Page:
Pacific Naturopathic - Mountain View, California
Natural Health Articles by Drs. Connie and Marcel Hernandez

Tea: No Longer a Wimpy Beverage

When I was 12 years old, my Cuban mother told me I was old enough to drink coffee and poured me a shot in a demitasse cup. It was hot, black, sweet and so thick that you could almost chew it. Whoopee! I don’t think I slept for three days. I was wired and hooked at the same time. It is no wonder that Cubans are noted for speaking Spanish at a pace akin to that of a tobacco leaf auctioneer. Coffee is one of the staples of the Cuban diet. Cubans know coffee.

To hard-core coffee addicts, tea drinkers are those folks who daintily point their pinkies (and sometimes the ring and middle fingers as well) at you while they delicately glide their English porcelain teacups full of some suspiciously colored liquid to their noisily sipping lips. Ugh.

To confirmed tea drinkers, coffee has always been a rather pedestrian beverage, imbibed in styrofoam cups by cops, soiled construction workers, overwrought office executives and newspaper editors. To confirmed tea drinkers, nothing is more disgusting than a cup of coffee that has been oxidizing for several hours in an office Mr. Coffee.

Confirmed tea drinkers and hard-core coffee addicts have always found ways to justify their beverage choices. In an earlier column, I wrote glowingly about the health benefits of coffee. Yes, there are some. I must admit that I had to dig deeply into the research for that column. To my chagrin, no matter how hard I try, it is difficult to classify coffee as a health food.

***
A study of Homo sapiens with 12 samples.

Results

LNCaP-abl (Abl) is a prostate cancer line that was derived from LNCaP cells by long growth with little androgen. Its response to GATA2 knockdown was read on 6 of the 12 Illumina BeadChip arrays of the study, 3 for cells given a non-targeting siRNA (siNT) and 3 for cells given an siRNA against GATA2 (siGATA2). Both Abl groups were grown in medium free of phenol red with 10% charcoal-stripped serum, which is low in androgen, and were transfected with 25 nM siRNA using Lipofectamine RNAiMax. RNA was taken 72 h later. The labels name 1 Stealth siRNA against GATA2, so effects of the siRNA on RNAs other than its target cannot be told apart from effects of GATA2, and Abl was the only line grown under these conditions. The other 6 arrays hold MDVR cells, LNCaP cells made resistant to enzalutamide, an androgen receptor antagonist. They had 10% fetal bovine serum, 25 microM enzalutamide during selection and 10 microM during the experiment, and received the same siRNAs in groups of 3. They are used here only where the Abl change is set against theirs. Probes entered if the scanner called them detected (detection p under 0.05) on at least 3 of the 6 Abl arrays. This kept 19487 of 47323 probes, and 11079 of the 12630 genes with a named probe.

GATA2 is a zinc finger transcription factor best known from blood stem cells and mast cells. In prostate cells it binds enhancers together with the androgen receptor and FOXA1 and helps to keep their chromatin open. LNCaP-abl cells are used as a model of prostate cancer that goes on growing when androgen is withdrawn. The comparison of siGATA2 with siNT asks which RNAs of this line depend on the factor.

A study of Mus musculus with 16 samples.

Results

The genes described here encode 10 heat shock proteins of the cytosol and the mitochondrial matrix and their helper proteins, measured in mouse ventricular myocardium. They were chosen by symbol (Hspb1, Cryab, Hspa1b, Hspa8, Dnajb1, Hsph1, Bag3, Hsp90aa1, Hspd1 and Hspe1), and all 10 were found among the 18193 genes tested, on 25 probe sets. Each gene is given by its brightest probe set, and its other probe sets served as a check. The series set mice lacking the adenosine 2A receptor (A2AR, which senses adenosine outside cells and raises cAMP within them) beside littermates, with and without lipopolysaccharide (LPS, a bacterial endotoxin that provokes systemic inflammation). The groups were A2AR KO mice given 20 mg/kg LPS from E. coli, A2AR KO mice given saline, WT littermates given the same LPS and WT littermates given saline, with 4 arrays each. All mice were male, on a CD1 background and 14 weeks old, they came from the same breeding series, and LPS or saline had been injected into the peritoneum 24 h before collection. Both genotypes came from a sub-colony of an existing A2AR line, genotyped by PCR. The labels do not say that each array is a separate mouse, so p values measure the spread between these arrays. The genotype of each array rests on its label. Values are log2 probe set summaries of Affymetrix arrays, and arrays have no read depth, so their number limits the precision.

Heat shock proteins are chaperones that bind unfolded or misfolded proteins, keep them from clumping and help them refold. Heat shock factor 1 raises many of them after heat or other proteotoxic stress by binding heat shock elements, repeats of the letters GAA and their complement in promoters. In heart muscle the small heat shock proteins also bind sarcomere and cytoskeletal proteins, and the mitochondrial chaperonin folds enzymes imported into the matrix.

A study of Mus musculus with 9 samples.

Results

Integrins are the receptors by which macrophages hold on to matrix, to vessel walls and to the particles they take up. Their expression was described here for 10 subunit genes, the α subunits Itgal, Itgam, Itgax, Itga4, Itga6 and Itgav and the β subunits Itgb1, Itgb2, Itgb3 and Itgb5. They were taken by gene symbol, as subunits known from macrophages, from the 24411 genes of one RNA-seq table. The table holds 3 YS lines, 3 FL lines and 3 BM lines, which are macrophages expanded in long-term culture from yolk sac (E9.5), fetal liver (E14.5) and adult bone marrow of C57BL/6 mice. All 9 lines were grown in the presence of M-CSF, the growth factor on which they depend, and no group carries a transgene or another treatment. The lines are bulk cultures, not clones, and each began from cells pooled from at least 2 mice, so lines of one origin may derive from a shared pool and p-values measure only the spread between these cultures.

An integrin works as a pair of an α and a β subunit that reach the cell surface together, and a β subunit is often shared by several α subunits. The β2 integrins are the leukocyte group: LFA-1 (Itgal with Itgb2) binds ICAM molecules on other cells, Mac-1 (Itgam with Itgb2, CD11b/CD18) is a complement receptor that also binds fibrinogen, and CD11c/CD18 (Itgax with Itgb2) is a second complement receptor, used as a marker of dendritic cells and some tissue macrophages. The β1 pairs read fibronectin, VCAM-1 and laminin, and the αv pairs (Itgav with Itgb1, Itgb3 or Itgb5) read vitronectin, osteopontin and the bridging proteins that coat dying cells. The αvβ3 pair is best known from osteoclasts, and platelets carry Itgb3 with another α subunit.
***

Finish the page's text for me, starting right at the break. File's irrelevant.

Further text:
Tea, on the other hand, has a voluminous body of scientific data to support its case for health food status. At first, the research just touted the health-promoting benefits of green tea. But recent studies have shown that any beverage made from the tea plant, whether it is green, black or white, is actually profoundly good for you.

Green, black and white teas originate from the same plant, Camellia sinensis, which can be grown in Hawaii. Green tea leaves are less processed than black teas, whose leaves are fermented in a variety of ways. Green tea has a more delicate, fresh, grassy taste, whereas black teas are, to use coffee-cultivated expressions, more full-bodied and robust. Black teas come mostly from plantations in Africa, India, Sri Lanka and Indonesia while green teas come from countries in the Far East, especially China and Japan.

White tea is delicate, perfume-scented and is composed mostly of the buds and flowers of the tea plant. Oolong tea, much favored by Chinese, is a mixture of black and green teas. Herbal teas are made from plants other than Camellia sinensis.